This photo of an eagle owl won the first runner-up prize in the 2016 health-care professional category of the 2016 mEYE World competition
By Helen Carter
Photos remind us of gift of sight
‘See My World – in your own backyard’ is the theme for the Macular Disease Foundation Australia mEYE World Photographic Competition 2017, which is now open until 3 October.
The competition aims to raise awareness of macular disease, the leading cause of blindness and severe vision loss in Australia.
People can submit photos that capture a glimpse of their world, in one of four categories: open, junior, macular disease community, and health-care professional.
Foundation CEO Julie Heraghty says there is synergy between the visual arts, the world of photography and the work of eye health-care professionals in saving sight. ‘Photographs entered by health-care professionals each year are truly amazing and remind us all of the precious nature of our sight,’ she said.
Milpa and optometrist Mitchell Anjou
Heeding Milpa’s message
Milpa the Trachoma Goanna is widely recognised and most people understand the good hygiene/faces/eyes message that the character promotes, according to an independent evaluation of the Trachoma Health Promotion Programme in six remote Aboriginal communities in Central Australia.
However, people did not appear to understand that trachoma is a transmittable disease, with many believing it is attributed to bush living conditions. Although most said there was no barrier to keeping faces clean, some referred to issues such as no running water or no hot water.
New OCT more accurate
Austrian researchers have developed a new technique to allow more accurate imaging and improve diagnostic accuracy using optical coherence tomography.
MedUni Vienna researchers developed the line field OCT technique which simplifies looking into the cellular processes in the eye, enables operators to make digital corrections without the need for hardware-based adaptive lenses and allows rapid frame rate to correct aberrations over the 3-D volume of the retina.
The technique will reportedly soon be marketed in collaboration with commercial partner Carl Zeiss Meditec.
One billion have uncorrected presbyopia
More than one billion people worldwide are vision impaired because they cannot access spectacles, a new study reports.
It estimates that 1.09 billion people aged 35 years or older are affected by near-vision impairment due to uncorrected presbyopia.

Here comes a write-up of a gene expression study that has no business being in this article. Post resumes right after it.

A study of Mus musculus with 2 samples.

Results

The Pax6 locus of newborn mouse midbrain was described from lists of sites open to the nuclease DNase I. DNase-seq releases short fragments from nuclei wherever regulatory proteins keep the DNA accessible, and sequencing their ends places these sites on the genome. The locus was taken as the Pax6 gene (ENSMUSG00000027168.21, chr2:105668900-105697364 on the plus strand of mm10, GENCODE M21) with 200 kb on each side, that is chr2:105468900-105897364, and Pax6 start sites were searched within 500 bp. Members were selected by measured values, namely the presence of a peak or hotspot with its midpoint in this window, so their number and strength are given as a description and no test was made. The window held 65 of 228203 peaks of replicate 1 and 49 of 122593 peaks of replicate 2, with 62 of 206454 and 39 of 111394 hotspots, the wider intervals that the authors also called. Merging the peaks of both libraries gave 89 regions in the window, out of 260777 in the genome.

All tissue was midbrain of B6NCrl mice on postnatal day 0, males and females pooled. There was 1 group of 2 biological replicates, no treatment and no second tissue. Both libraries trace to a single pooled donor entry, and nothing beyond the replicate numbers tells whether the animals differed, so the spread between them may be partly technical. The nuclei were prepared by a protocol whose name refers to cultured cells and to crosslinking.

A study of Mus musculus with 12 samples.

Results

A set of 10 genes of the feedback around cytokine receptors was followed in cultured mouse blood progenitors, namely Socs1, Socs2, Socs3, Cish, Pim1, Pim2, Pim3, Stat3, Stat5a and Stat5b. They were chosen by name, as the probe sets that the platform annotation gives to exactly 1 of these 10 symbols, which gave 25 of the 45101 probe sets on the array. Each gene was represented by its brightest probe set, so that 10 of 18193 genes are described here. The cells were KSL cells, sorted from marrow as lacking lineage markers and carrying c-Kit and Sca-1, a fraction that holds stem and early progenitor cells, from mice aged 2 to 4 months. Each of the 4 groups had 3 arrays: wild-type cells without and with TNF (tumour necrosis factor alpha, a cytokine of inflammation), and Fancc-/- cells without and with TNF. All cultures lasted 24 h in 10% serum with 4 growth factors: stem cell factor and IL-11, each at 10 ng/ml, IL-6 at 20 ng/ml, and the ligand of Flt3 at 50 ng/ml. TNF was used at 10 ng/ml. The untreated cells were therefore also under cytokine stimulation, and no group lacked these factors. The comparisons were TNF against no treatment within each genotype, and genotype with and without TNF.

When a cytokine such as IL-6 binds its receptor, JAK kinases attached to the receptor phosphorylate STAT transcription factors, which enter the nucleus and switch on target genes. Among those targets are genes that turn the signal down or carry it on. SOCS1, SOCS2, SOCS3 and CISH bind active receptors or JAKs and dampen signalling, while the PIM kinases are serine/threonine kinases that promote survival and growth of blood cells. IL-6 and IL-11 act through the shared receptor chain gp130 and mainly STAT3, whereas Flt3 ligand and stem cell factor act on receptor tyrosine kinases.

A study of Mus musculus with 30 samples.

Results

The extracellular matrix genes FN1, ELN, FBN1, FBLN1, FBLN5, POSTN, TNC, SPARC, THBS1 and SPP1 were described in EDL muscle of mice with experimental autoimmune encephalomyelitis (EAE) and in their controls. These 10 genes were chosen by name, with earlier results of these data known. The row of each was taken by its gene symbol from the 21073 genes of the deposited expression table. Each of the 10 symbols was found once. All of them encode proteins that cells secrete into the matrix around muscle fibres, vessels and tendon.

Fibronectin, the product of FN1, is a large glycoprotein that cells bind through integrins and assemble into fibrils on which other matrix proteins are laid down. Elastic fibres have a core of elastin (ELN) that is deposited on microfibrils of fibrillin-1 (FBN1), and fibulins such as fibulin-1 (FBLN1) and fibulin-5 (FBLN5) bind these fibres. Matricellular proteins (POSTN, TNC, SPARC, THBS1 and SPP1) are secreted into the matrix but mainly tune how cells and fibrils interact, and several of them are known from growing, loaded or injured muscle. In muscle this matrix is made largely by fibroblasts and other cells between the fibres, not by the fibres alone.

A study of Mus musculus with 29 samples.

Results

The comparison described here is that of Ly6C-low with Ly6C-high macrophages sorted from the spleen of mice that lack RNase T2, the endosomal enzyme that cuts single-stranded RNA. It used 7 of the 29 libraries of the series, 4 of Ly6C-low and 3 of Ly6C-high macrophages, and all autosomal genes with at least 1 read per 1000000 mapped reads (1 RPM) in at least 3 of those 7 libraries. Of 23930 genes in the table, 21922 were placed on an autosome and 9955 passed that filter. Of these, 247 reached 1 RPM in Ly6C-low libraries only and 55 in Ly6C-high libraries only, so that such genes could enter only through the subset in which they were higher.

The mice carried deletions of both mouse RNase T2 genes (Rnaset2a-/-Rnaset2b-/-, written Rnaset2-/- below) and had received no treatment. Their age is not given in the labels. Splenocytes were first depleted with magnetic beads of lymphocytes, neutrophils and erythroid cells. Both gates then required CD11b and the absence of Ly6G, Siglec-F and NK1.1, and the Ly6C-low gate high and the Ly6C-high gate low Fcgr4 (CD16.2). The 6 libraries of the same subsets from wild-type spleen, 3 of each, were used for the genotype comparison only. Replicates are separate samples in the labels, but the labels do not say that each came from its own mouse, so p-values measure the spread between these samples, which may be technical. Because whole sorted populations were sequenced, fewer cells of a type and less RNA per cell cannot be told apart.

The study also estimates that 36 million people, or 0.5 per cent of the global population, are blind and reports an 18 per cent increase in overall prevalence of blindness since 1990, attributable to population growth and ageing.
One of the study authors, Dr Nina Tahhan from the Brien Holden Vision Institute, said it was pleasing to see near vision impairment due to presbyopia officially counted in global vision impairment estimates as it was the largest contributor to vision impairment globally.
New Deakin health institute
Deakin University has established a fifth research institute, the Institute for Healthcare Transformation.
Deakin’s deputy vice-chancellor (research) Peter Hodgson said the collaborative initiative would leverage Deakin’s research strengths in health, building the scale and scope to support world-class health systems research, eHealth and health innovation.
Eyes affected in Zika babies
One in five babies born to mothers infected with Zika virus has eye abnormalities, with optic nerve and retinal abnormalities being the most frequent findings, a Brazilian study shows.
The study in 112 women infected with Zika during pregnancy found 24 infants or 21.4 per cent had eye abnormalities, and of these nearly 60 per cent were born to women infected in the first trimester, one-third in the second trimester and 8.3 per cent in the third trimester.
Researchers concluded that all infants with potential maternal Zika virus exposure at any time during pregnancy should undergo eye screening examinations regardless of the presence or absence of central nervous system abnormalities.
Ocular findings in astronauts
NASA has adopted the term space flight-associated neuro-ocular syndrome or SANS as an appropriate term to describe novel neuro-ocular responses in astronauts during and after long-duration space flight.
NASA’s Space Medicine Operations Division documented the syndrome in a special communication. Clinical findings include unilateral and bilateral optic disc oedema, globe flattening, choroidal and retinal folds, hyperopic refractive error shifts, and nerve fibre layer infarcts.